When it rains, it pours - and that's what it did across the North and North-East last week, with areas lashed with heavy rain, hail and thunderstorms.
While the falls were welcomed by some - the after-effects are just beginning to be felt by cherry farmers.
Farms across the region are starting to report significant losses - with one producer having lost about 80 per cent of their crop.
All Things Cherry co-owner Paul Thompson said he had lost about 50 per cent of his first-grade crop due to the downpour creating a situation known as "split".
"It sat on the fruit for too long and it ends up with the skin splitting and looking like a mess.
"If we'd had this level of rain six weeks ago the impact would have been minimal, but now that we've got our first fruits that are ripe and ready for picking it's been big."
It's devastating for producers - who spend the entire year working and investing in their crops, with the summer season where they make their money.
"You put in all your effort over the other parts of the years, you have all your costs upfront and this is where you are meant to reap your rewards," Mr Thompson said.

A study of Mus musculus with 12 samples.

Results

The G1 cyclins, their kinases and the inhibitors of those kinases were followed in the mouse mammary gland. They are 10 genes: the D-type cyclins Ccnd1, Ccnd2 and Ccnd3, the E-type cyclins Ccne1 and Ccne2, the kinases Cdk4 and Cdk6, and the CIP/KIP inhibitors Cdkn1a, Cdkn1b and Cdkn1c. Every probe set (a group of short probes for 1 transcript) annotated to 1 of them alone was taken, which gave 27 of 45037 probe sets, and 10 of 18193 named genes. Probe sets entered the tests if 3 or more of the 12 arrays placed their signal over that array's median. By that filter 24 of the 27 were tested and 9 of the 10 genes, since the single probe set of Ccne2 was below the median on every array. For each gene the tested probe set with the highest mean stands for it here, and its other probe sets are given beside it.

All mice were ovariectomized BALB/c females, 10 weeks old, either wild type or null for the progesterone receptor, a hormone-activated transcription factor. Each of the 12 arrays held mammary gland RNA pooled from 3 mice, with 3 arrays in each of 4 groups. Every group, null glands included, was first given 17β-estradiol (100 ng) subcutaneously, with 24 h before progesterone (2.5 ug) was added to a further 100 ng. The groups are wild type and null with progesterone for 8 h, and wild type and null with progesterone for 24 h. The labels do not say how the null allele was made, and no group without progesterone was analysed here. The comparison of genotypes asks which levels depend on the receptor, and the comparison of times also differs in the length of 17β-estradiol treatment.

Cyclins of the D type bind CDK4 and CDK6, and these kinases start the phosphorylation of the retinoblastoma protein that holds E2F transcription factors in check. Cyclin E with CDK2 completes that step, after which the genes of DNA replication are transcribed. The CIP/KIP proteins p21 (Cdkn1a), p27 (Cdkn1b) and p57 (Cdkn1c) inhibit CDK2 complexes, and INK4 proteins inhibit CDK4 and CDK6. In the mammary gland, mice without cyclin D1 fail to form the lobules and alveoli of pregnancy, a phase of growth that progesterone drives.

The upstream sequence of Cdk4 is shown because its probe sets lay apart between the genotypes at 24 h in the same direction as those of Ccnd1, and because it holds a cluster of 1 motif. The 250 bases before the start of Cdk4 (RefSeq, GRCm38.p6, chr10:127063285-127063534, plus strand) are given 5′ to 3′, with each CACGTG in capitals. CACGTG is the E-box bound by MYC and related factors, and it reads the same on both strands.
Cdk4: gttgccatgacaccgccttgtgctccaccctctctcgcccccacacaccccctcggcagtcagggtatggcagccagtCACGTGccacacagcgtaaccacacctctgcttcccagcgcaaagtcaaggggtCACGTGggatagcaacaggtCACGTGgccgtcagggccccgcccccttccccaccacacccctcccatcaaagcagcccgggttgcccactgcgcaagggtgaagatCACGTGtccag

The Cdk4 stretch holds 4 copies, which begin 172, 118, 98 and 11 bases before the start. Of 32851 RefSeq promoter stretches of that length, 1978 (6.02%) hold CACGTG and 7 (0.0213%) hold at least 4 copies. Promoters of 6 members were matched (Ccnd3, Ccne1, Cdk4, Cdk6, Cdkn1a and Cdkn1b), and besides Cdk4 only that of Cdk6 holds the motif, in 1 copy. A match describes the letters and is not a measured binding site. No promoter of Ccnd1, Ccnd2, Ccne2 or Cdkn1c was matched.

"People can pay thousands to get beekeepers to bring in bees to pollinate crops, you've got things like your herbicides, and now you find your efforts were all in vain and there's nothing.
"I know of people that have reportedly lost 80 per cent of their crops and I can't imagine the pain they're going through right now."
While Mr Thompson only exports his product within Australia, he said the reported losses by local producers will have a significant impact across the globe, with less being able to be exported internationally - including for Chinese New Year.
"Coles and Woolworths always look to buy Tasmanian cherries especially in the new year, and that volume they're searching for just isn't there anymore," he said.
"There just won't be that high-quality product that they're after - we're looking at the third-grade product which we use for our value-added products, but it's not what people are buying to consume and to sell.
"It's devastating for the whole industry after the year we've had."